We were a little concerned this morning that when we opened up our new calendar it was going to read, Jan. 1, 2020, as if we were stuck in some covid-19 version of Bill Murray’s 1993 movie, “Groundhog Day.”
We are eager for change this year, to put much of 2020 behind us; not the least of which is the pandemic, its restrictions and deprivations and its economic harms. But that will take more than flipping the page on the calendar.
The truth of course, regardless of the calendar, is that the circumstances that greeted us this morning are little different than those of the day before. Or the day before that; just as things won’t have changed that much between Jan. 19 and Jan. 20, except in our particular outlook regarding the end of one presidential administration and the beginning of the next.
Change is almost always incremental and often imperceptible; but change also is inevitable. And change — on scales personal to global — is heavily influenced by our own actions, by the choices we make and our commitment to staying to a course of change.
You know: resolutions.
Allow us to suggest adding these three to whatever list you are making this year:
Wear a mask. When you are out in public — running errands, shopping, walking the dog — if you are likely to come within a few feet of someone else, even briefly, please wear a mask or other face covering and wear it properly, covering your mouth and your nose. As much hope as has been placed on covid-19 vaccines and treatments, public health authorities continue to maintain that face masks remain the most effective practice for preventing the transmission of the virus from one person to the next.
And keep wearing them. Even as distribution of vaccines continues and more and more can benefit from their protection, the vaccines’ effectiveness depends upon two doses and sufficient time for the body to develop a strong immune response and for enough of us to be vaccinated to develop a sufficient level of “herd immunity” to deny the virus a chance to reproduce.
When it’s your turn, get vaccinated. It’s a medical marvel — and a demonstration of the good our taxpayer dollars can achieve — that researchers have developed, tested and deemed safe and effective at least two and potentially more vaccines; and in a period of less than a year. It took two decades to develop the polio vaccine.
It would be a maddening waste — and a deadly tragedy — if the expertise and expense that were invested in the vaccines are lost to unfounded fears and ridiculous conspiracy theories.
Even with a rapid roll-out of vaccines, the University of Washington’s Institute for Health Metrics and Evaluation estimates that the United States will see more than 550,000 covid-19 deaths by April 1. Without significant distribution of vaccines, the nation could see more than 800,000 deaths by April Fool’s Day.
In the meantime, while we wait for widespread distribution of vaccines, most of us are doing our best to respect restrictions on our activity and — for many of us — on our jobs and businesses that have been hard to accept. It’s meant that too many of us have lost employment, while many others have lost a small business or are facing its closure.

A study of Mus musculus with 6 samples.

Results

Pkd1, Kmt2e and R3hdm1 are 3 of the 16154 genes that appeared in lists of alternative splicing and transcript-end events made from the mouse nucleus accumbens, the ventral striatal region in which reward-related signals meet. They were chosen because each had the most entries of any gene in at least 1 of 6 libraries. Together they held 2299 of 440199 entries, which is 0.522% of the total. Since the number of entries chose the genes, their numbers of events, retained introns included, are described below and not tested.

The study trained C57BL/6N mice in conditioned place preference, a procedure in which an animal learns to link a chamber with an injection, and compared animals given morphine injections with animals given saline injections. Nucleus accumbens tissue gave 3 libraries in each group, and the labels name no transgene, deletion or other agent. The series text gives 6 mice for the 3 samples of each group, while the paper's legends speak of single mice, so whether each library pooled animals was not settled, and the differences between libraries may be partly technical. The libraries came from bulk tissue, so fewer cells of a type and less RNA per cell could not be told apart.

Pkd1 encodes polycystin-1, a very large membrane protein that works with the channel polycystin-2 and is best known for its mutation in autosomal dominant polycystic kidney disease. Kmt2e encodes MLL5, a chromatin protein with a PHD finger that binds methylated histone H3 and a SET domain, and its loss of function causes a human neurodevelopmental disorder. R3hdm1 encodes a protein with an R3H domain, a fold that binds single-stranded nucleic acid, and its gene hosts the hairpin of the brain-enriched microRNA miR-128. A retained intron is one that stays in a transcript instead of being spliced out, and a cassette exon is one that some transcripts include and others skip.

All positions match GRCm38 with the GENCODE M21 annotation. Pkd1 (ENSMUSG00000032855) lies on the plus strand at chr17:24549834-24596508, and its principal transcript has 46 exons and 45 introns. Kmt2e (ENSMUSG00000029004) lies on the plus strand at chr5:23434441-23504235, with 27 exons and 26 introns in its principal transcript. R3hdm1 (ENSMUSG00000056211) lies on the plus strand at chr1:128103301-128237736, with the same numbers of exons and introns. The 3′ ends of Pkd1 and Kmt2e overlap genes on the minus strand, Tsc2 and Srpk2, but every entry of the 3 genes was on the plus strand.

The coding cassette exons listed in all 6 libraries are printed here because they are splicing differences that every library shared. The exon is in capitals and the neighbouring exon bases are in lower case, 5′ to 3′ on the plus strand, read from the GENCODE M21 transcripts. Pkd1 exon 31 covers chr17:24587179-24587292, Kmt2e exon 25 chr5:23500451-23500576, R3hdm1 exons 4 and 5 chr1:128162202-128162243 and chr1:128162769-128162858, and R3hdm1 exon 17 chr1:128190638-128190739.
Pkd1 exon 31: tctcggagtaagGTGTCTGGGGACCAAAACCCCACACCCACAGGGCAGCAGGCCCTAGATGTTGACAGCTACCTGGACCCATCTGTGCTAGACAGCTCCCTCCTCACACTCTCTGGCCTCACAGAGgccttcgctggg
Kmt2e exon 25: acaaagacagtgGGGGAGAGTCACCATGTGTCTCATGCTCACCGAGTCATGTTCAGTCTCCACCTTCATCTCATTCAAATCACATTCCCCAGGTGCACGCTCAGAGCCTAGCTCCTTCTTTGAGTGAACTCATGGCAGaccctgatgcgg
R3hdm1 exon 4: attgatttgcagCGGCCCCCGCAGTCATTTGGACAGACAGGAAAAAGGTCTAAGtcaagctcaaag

But there’s a resolution that could help preserve many small businesses and the jobs that they support.
Shop local. While the state’s covid restrictions have placed limits on which businesses can be open and the level of services others can provide; there remain opportunities for us to support shops and restaurants that we value as parts of our community and as an economic force that spreads wealth and provides employment.
We’ve shared these figures before: For every $100 spent at an independent retailer, $45 is returned to the community in support of other businesses, compared to $14 for the large chain stores. For online retail, the return to the local community barely registers in cash registers: about a $1. And for restaurants, $100 spent at an independent restaurant returns about $65 to the local economy, compared to $34 for chain restaurants.
For businesses, such as restaurants now limited to take-out, we can support them through the purchase of gift cards that provide them the money they need now and allow us something to look forward to when we can once again enjoy dining in.
Those looking for suggestions of local businesses to support can consult a Snohomish County effort: Support SnoCo at www.supportsnoco.com. The website offers videos from businesses throughout the county and a searchable list of businesses and services as well as safety tips that businesses and customers should follow.
In years previous many of us likely viewed resolutions for the new year as a chore, difficult to keep because it can be hard to see our progress and the value in keeping promises for our own benefit.
But this year, these are the resolutions we can keep that matter to more than just ourselves; they matter to our families, our communities and beyond.
Admittedly, these resolutions also have become entangled in our politics, which will complicate how well everyone adopts these promises, how well they keep them and how effective they will be in fostering the change we all want to see.
At the heart of a resolution is the commitment taken by an individual. These are choices we make as individuals, but they are promises we make out of respect for everyone around us.
May 2021 be a year of good health and prosperity; resolve to make it a truly happy new year.